A backlash from Labor Left MPs over the government’s rejection (yesterday) of the UN’s global compact for migration has piled pressure on Bill Shorten (pictured) to reverse Australia’s position if he wins the next election.
The Conservative Party has successfully campaigned to convince the Morrison government to pull out of the Migration Pact and is seeking to elect Senate candidates to hold to that position no matter who forms government in the House of Representatives.
Labor Left MPs lashed the Coalition for deciding not to endorse the pact, now that Australia had joined with the US, Austria, Hungary and Poland in rejecting ceding control of our borders to un-elected UN bureaucrats.
The Labor leader said he was “not fussed” that the government did not embrace the global UN agreement but did not rule out reversing the government’s position if he win next year’s election.
The Prime Minister said his government would not “sign up” to international agreements it believed would compromise its “successful way of doing things” and said the compact was “inconsistent” with his border protection and boat turnback policies.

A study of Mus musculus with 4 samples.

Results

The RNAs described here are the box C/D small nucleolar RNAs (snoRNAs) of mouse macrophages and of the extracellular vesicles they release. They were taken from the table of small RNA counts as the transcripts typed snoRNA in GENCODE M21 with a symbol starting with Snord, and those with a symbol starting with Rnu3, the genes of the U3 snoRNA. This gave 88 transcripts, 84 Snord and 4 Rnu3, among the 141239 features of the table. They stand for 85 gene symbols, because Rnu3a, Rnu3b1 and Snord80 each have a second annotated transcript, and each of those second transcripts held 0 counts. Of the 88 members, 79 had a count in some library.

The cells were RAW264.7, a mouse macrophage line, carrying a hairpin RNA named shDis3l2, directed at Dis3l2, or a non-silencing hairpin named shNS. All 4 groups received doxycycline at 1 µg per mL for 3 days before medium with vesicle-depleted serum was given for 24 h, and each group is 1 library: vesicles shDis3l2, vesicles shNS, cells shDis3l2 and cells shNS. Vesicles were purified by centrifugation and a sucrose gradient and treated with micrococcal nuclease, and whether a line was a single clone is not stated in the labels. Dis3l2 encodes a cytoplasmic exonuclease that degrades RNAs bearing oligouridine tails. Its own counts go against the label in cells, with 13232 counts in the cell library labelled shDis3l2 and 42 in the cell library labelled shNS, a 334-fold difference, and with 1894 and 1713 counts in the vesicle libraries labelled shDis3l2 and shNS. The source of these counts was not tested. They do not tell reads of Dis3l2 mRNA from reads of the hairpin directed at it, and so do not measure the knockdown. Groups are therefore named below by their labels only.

He said he believed that that adopting the compact would, "directly conflict with important principles that have underpinned our successful approach".
Home Affairs Minister Peter Dutton said the UN compact would have “undermined” Operation Sovereign Borders and may have been used by the courts to let more refugees stay in Australia.
Senator Bernardi told Paul Murray Live on Sky News that all UN agreements should be revisited for the sake of our sovereignty.